I first noticed it this summer. While watching American Ninja Warrior, the boys consistently rooted for the women competitors to fall and didn’t believe that a woman could ever complete the very physical obstacle course. I ignored it, knowing that, eventually, a competitor would prove them wrong. When she did, and she roared in celebration, the youngest said that she was rude and obnoxious, despite the fact that the men in the competition crowed all the time. Uh oh!
Then, while watching an interview with a female politician, I told the boys to pay attention as she “might be our next president.” They laughed. Laughed, because, “Mom, a woman can’t be president.” Oh no!
Finally, the last straw. In a conversation about their grandparents, both boys fervently believed that their grandfather was “much smarter” than their grandmother. Maybe they valued practical knowledge over book smarts, or they responded to the authoritative way in which my father states his beliefs. Or, maybe, we have a problem.
Hmmm… Let’s try this experiment…. “Boys, who’s smarter? Mom or Dad?” Without missing a beat, with barely a pause, they both said, in unison, “Dad. Of course.” Well. There it is. Because, while I have no desire to besmirch my very bright husband, I have no idea why the kids would think he’s smarter than me. I write, I read, we help with homework equally, we solve problems together. The kids watch me work often, and have seen me be honored for my professional endeavors. I rarely ask my husband to do something I can manage. And, we generally eschew the traditional gender roles in our household.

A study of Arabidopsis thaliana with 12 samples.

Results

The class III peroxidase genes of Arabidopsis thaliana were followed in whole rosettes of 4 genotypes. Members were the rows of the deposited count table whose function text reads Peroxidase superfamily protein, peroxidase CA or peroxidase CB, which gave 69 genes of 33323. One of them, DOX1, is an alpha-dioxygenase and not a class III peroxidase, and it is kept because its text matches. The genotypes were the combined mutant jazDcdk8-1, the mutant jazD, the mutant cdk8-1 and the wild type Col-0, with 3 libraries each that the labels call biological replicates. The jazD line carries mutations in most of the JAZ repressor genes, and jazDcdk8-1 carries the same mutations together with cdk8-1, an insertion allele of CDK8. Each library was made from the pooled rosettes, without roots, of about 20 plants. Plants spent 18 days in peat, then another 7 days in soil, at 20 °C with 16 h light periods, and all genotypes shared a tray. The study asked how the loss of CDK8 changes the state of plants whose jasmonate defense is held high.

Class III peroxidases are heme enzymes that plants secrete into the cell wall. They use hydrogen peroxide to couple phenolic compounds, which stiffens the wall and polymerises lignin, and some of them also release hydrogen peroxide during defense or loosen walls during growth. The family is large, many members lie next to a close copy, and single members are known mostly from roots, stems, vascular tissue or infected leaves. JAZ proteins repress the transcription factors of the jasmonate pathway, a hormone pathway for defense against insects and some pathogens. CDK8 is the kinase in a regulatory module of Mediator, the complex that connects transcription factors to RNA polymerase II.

Now what? I’ve written a lot about being a Mom of Boys. I think hard about the responsibility of raising young men in this world. I’m conscious of the things we say and do, and the messages that the boys receive. And yet, the sexism still seeped in.
Media is a huge part of it. How do you counteract the Brains vs. Babes episode of Wipeout? And, how do you fight the basic conceit of Big Bang Theory; smart boy loves hot girl? And cartoons, and graphic novels, and Disney, and princesses, and princesses, and princesses? And maybe, subconsciously, there’s tons of messages that they receive at home and at school and in the world.
Sexism is everywhere. Misogyny is everywhere. How do we fight it? I need to look harder for images of equality, and I need to share those images with my friends and with the school and with my community. And, I need to continue being a role model to the boys, I need to continue to walk the walk. I need to show them, often, that girls can do anything boys can do.
Most importantly, I need to continue the dialogue, and I need to ask my husband, and my father and the men in my life to do the same. It’s so important for all of us to point out inequality in the world and name it. We need to help the kids see how the messages we see are often untrue. We need to continually remind all the little boys and girls that gender does not determine worth.